Financing Your Home Purchase

Be a Competitive Buyer

In a competitive market, a successful buyer will choose a lender early on and get the loan process started. In addition to figuring out what you can afford and how you will finance your home purchase, starting on the loan process is critical in other ways too.

Prepare to Make a Competitive Offer

The Colorado purchase contract has a section where the buyer must specify the type and amount of the loan they are planning to obtain. This is because the loan type can affect the seller. Your loan type determines the amount of time required for closing and/or the costs that the seller will have to pay. You should have a clear idea of how you will be financing your home purchase, or what type of loan you will be seeking, before you make an offer.

Get Your Finances Together

Once you get the loan process started, you may find that you need to save some additional cash, pay off some existing loans or credit cards, or clear up some credit issues to raise your credit score. If you find this out early on, you may be able to get things set right before you lose your dream home.

Loan Limits

There are upper limits on certain loan types depending on where you are buying. For example, with FHA loans, loan limits in Boulder County may exceed those in neighboring Weld or Gilpin counties by $100,000 or so. If you need to finance your home purchase with an FHA loan, you need to know not only how much you can afford — but where. You may experience difficulties in purchasing certain types of properties using certain types of loans. In some condominium or townhome complexes, for example, you may not be able to use an FHA loan. In others, even conventional loans may not work.

Pre-Qualification Letter

Once you’ve met with a loan officer and they’ve run a credit check, they can typically write a “pre-qualification letter” for you. In general, this letter states that the lender believes you will be able to qualify for a loan of a specified amount and type. This is based on the information you’ve provided them and a review of your credit history. When you make an offer, having such a letter will make the seller much more comfortable. It is often difficult to get a seller to take your offer seriously if you don’t have a pre-qualification letter.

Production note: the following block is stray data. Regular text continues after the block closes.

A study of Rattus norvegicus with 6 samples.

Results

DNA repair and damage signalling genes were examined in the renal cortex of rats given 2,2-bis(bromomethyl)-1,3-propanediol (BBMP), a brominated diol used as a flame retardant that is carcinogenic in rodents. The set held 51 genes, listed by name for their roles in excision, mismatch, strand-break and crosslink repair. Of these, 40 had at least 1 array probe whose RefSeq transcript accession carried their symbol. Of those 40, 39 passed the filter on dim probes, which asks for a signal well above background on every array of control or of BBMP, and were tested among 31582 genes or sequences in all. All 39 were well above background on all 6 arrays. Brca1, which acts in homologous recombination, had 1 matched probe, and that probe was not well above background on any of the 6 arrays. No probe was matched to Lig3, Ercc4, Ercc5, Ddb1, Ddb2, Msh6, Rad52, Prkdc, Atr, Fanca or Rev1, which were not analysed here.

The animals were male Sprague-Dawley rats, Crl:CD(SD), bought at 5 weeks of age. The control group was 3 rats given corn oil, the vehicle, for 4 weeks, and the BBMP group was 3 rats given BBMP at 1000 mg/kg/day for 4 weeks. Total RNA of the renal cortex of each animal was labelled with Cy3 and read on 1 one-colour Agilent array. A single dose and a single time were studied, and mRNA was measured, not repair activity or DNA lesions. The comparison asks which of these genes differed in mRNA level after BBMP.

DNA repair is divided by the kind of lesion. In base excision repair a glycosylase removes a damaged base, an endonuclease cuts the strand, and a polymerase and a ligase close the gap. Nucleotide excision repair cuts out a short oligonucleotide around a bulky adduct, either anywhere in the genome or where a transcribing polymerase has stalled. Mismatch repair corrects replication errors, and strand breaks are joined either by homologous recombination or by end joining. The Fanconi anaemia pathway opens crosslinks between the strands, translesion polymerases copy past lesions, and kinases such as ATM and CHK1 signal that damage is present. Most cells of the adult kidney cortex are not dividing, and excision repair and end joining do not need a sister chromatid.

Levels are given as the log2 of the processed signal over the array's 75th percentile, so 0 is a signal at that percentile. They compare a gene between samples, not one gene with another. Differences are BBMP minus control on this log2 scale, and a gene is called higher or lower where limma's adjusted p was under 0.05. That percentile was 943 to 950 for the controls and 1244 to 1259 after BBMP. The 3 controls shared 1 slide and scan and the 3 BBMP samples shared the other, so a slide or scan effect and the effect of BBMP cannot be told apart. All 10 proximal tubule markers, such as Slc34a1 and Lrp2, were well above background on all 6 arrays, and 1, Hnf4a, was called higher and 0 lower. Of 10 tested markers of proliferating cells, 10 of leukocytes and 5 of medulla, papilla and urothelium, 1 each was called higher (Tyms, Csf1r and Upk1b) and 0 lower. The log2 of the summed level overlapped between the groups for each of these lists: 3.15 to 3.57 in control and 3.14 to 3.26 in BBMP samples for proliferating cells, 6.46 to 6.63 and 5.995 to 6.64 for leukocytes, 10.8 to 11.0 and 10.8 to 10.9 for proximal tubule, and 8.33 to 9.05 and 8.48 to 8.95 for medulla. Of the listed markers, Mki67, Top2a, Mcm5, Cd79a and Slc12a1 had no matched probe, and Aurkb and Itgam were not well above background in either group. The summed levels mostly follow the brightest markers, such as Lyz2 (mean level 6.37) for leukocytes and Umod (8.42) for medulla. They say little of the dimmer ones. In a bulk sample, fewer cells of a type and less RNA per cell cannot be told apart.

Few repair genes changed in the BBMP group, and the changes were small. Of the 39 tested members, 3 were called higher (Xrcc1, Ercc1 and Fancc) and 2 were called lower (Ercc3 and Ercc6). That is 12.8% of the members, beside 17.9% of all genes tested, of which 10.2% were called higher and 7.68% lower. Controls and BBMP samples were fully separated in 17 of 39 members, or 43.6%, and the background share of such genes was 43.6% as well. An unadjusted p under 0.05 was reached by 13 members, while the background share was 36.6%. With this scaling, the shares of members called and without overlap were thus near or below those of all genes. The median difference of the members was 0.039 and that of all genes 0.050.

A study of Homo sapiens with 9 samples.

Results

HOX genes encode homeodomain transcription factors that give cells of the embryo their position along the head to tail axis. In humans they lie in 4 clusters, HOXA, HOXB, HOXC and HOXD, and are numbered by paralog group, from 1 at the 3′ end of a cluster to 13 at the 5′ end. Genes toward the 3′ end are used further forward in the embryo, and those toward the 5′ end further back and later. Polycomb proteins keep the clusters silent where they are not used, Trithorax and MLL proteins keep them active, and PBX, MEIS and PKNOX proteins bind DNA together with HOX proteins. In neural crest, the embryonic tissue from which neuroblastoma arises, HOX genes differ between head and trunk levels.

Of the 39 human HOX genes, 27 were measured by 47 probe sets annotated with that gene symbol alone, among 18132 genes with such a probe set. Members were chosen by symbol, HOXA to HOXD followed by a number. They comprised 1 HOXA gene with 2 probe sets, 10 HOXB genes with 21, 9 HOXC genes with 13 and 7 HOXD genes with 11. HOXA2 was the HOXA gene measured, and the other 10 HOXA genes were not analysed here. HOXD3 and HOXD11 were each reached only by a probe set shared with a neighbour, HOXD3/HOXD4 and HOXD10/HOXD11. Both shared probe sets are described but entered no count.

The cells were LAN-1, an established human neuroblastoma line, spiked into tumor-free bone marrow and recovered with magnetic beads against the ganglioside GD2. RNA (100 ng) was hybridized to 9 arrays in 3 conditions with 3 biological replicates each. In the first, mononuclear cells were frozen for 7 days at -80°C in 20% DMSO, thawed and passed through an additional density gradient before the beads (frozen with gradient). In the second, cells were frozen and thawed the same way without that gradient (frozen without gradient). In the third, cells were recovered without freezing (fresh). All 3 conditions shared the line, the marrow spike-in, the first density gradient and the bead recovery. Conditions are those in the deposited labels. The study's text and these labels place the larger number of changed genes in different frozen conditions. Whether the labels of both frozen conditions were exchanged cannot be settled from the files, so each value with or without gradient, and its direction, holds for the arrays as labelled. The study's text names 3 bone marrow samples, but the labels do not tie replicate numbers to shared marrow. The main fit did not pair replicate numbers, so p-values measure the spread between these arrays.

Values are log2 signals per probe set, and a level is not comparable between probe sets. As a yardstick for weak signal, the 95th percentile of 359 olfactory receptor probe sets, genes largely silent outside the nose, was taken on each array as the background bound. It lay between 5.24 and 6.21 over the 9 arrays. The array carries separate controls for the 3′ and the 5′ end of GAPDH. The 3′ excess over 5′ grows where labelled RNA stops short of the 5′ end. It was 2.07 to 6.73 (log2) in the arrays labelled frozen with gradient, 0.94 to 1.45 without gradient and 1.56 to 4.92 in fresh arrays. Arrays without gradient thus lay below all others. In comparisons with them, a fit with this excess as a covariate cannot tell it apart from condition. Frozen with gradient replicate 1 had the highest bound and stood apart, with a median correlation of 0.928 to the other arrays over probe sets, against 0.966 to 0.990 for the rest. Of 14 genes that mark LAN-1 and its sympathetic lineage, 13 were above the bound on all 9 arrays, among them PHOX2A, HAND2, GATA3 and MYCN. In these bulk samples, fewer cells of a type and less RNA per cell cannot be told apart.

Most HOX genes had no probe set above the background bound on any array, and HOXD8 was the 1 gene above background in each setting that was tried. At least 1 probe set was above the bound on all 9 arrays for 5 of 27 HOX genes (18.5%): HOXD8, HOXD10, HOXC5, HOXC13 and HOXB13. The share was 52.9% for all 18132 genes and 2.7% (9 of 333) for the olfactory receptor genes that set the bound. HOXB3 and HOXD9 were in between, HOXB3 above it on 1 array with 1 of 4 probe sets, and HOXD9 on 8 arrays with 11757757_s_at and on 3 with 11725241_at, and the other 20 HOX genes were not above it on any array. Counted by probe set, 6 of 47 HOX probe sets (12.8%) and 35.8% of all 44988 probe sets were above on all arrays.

Loan Approval

With most lenders, you can take this one step further and apply for loan approval before you find a home. If you are approved for the loan — and submit an approval letter with your offer — you'll look like a cash buyer to the seller. In some cases, this may give you some bargaining leverage. In others, it may allow you to win out over other buyers in competing for an attractive property. Having loan approval may very well make the difference between the seller accepting your offer or someone else’s.

Get it Out of the Way

Once you have made an offer and the seller has accepted it, you enter what is often the busiest period in the home buying process. You will be completing inspections, checking title work, preparing for closing, and planning your move. This will be much easier if you have most of the loan issues out of the way before you start.

Purchase with Confidence

In addition to negotiating power, loan approval makes you more comfortable when you’re searching for a home. If you know what you can afford and what your monthly payment will be, you will be able to think more clearly as you consider your housing options. You'll be off to a great start!